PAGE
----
As things warm up here in Virginia Beach, I’m reminded of where I was last summer… wrapping up my spring semester as a professor at ODU and had just received a congratulatory email from Cooper Union — I had been accepted to their CooperType Condensed program. For 14 hours, six days a week for five weeks spanning June and July, I was immersed in letterforms… by my count that was over 400 hours of writing, drawing, lettering, and digitizing.
While some might consider this torturous and tedious, it was an unforgettable education. Our quiet studio featured 15 students from all over the globe, ranging from Brazil to South Korea, London to Mexico City. Our instructors were no different with two primary instructors from Northern Europe along with a supporting cast of historians, calligraphers, and guest typographers/educators from all over. Our goal: to produce an original, fully functioning typeface in our short time together.
The Breakdown of 5 Intensive Weeks
By studying the humanist hand, I got a whole new grasp of the letters I had written since kindergarden. What seemed like a backward approach, we mastered the lowercase first, perfecting every curve and dot. But then the uppercase quickly fell into place once all of the pieces were laid out. In addition to writing, our mornings for the first two weeks were punctuated with lettering ‘warm-up’ exercises to get the blood flowing and our hands thinking.
The third week was spent defining our course of independent study for the last two weeks. We spent our time exploring our own lettering interests, and sifting through inspiration taken from previous field trips to Columbia University Library, The New York Library, and the Herb Lubalin Center on campus. All three of these locations housed some of the most extensive and beautiful examples of language through history. Some specimens dated back to the 1400s, and many were one of a handful left in existence. It was an honor just to see then, let alone handle and study them.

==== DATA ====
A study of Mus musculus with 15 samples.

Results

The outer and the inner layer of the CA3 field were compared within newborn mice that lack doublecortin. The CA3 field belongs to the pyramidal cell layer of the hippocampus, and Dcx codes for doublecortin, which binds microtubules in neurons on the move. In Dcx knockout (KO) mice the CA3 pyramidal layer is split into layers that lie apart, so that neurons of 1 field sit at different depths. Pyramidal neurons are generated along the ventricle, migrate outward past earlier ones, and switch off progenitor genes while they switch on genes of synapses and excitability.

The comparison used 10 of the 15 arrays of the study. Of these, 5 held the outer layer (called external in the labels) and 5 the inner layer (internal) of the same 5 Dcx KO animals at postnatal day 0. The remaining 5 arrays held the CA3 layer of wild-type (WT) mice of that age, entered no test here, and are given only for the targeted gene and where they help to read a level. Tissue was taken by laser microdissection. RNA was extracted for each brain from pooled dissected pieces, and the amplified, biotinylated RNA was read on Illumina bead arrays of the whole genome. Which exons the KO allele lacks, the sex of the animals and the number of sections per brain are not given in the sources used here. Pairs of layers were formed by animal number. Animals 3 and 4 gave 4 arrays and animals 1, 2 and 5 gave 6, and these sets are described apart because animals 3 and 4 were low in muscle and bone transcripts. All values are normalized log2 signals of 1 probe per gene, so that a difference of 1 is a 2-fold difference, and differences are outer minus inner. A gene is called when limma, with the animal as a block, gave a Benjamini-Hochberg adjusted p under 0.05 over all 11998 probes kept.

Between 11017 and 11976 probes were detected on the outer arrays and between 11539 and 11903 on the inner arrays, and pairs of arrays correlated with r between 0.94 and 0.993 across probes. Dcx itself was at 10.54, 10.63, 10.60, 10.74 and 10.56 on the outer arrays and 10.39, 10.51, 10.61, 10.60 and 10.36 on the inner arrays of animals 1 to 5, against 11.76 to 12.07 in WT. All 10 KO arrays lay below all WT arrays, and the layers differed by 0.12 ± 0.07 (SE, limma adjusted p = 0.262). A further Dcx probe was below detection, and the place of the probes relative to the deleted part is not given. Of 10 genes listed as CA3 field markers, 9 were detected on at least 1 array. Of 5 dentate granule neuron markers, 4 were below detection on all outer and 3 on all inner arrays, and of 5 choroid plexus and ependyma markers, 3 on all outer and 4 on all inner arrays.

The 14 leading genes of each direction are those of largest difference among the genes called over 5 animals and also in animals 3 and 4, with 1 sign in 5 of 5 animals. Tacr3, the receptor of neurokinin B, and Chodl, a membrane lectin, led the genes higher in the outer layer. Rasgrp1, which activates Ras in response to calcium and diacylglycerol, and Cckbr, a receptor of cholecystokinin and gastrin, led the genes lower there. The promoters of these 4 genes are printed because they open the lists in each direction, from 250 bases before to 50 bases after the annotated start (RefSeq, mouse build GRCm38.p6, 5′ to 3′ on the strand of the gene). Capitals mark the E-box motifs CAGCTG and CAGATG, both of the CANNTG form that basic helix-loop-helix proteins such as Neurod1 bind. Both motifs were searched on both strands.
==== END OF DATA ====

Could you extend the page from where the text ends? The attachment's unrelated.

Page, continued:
I had dabbled in type design before, and had a big backlog of ‘projects to do’ on my list. But, I made the conscious decision early on to ‘just let it flow’. I never saw myself taking on a traditional serifed typeface, but I became attached to my broad nib calligraphy studies. By exploring serif shape and adjusting some stroke details, my project took form. What came out on the other side after the final two weeks was Stonewall. Stonewall is designed for long form, printed text, but detailed with enough personality to use for titling. Think of it as Time Roman and Trajan rolled into one typeface.
The Big Take-Away
Aside from the [semi]final product, I walked away with a sharper eye. Typography is about fine areas of balance and interruption, spanning over a piece of text. I learned the history of the letters I encounter everyday, and how they have changed very little, but remained contemporary in their exploration.
I also learned about working in a spiral, or exploring while working and refining. Most people think the design process as having a start point and working toward an end point. Design is more of a spiral, working in a series of drafts, refinements, revisions, and (sometimes) fresh starts. Often times, something is discovered in the development phase that can inspire a new sketch and direction. Sometimes time allows the fresh start, sometimes it’s saved for next time. I don’t know what adventures I’ll have this summer, but it’s going to be tough to beat last summer.